Resolutions are meant to be broken.
At least, that’s how we’ve come to think of them. So few of us actually stick to our New Year’s resolutions that making one barely means anything anymore.
That’s why, over the last few years, I’ve stopped making resolutions — and started setting goals instead. Not high-in-the-sky-and-barely-achievable goals, but goals I fully intend to execute throughout the year. In many ways, my goals are actually more like plans. (Click to tweet this.)
Because blogging serves as a form of accountability, here’s what I’m planning for the coming year.
Continue to overdeliver for our clients: We’re looking to take on two new clients by the end of February, but that’s where I’ll put the lid on short-term growth for Socialexis.
Why not continue to take on new clients when we have the demand? Because we want to put our effort into continuing to overdeliver for the clients we already work with, as well as launching awesome products. Which brings us to…
Renewed focus on products for AlexisGrant.com: A few months ago I blogged about an insight into digital products that changed the way we do business, and now’s where that insight comes into play. My products have high potential for revenue and a higher profit margin than client-based work, and the truth is, I love creating them.
Products came second in 2013 as I focused on systemizing the client arm of the business and growing The Write Life. But in 2014, this will be a priority.
Our early success has set us up to offer a huge surprise mid-March. Of all the things my team is working on, this is what I’m most excited about! We’ll share details as soon as we can.
Rebrand my company: It’s time to rename and rebrand Socialexis. Why? Because the company is no longer about me. Our clients benefit from the skills and ideas of our entire 10-person team, and the company brand should reflect that.
I’m also thinking about moving from a contractor to an employee model, and we’ll explore that possibility throughout the year.
I love reflecting on the year past and planning for the year ahead because it tends to spark ah-ha moments. Here are a few things I learned while putting together my 2014 goals that might help with your career planning, too.
Be smart about your own productivity trends: When you think about your broad goals for the entire year, the year can feel never-ending. But when you break down exactly when and how you’ll execute those plans, the year begins to feel very short.
Once my biz coach and I planned out my year, it became apparent that these first six months are the best time to accomplish the bulk of my 2014 projects. I’m more energetic and productive the first half of the year, and the second half tends to get filled with traveling, holidays and family. Last year things happened to pan out that way, but this year, that schedule will be deliberate.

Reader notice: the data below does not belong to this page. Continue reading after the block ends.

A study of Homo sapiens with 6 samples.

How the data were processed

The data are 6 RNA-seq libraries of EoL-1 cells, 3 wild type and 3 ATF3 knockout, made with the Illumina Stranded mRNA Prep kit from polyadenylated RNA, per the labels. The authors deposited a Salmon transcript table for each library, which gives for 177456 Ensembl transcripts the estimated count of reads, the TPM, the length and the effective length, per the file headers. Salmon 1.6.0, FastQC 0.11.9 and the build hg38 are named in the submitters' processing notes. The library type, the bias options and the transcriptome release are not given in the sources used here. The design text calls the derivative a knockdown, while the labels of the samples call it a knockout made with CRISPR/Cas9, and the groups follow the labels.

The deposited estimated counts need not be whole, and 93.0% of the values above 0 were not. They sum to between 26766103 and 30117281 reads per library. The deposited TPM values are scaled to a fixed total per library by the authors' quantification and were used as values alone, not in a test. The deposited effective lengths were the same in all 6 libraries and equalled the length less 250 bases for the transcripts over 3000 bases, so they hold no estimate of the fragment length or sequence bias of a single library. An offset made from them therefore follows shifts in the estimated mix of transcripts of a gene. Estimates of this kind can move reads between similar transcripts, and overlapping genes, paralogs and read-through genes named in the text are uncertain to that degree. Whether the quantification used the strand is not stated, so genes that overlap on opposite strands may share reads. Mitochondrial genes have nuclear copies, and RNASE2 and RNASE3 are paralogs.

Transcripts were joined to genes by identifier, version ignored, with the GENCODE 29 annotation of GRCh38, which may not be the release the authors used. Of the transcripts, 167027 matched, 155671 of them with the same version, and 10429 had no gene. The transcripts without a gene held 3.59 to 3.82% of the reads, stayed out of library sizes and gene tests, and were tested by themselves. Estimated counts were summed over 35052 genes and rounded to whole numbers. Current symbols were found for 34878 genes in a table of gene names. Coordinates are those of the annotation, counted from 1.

Just knowing that has already boosted my productivity. I don’t need to be productive this year, I need to be productive these next six months. And the truth is, unless I get started right away, I’ll never finish all the projects on my calendar.
Map out your revenue like you do your projects: I went to my biz coach with a breakdown of deliverables for the year, as well as an admittedly-sort-of-pulled-out-of-thin-air revenue goal for the company. He coaxed me into doing something far more effective: figuring out exactly how much we want to make each quarter and what we need to do to get there.
We then mapped revenue projections next to deliverables, so I know exactly how to stay on track for both. This turned my revenue goals into plans.
Realize you can’t do everything: Know what’s NOT on my list? My travel memoir.
After failing to publish traditionally in 2013, I’m keen to self-publish… eventually. It’s not a top priority for this year, partly because the idea of editing the manuscript again sounds like a huge chore, and partly because realistically, the memoir is probably not going to make much money. Revenue isn’t everything, of course, but when you’re choosing between enjoyable projects that grow your bottom line and time-consuming-yet-fulfilling projects that won’t bring in much money, well, you can guess what gets put on the back burner.
Factor in your personal life: We often ignore life changes when setting career expectations, but the truth is, what happens in our personal life does affect our work. That’s why I’ve factored travel and family time into the second half of this year, knowing I’ll be able to maintain but perhaps not grow my business during those months.
Even if you’re not sure how your personal life will come into play this year or you get blindsided by a family development you didn’t expect, know that it’s OK to shift your plans to accommodate. After all, isn’t achieving life-work balance one of the big reasons so many of us want to work for ourselves?
For the last two months, I’ve stepped outside my usually productive routine to rest and reflect and brainstorm. But now? IT’S GO TIME. Bring on 2014!
Oh, and know what else motivates me like no other? This community. I’d love to hear your goals for the coming year if you’re willing to share in the comments!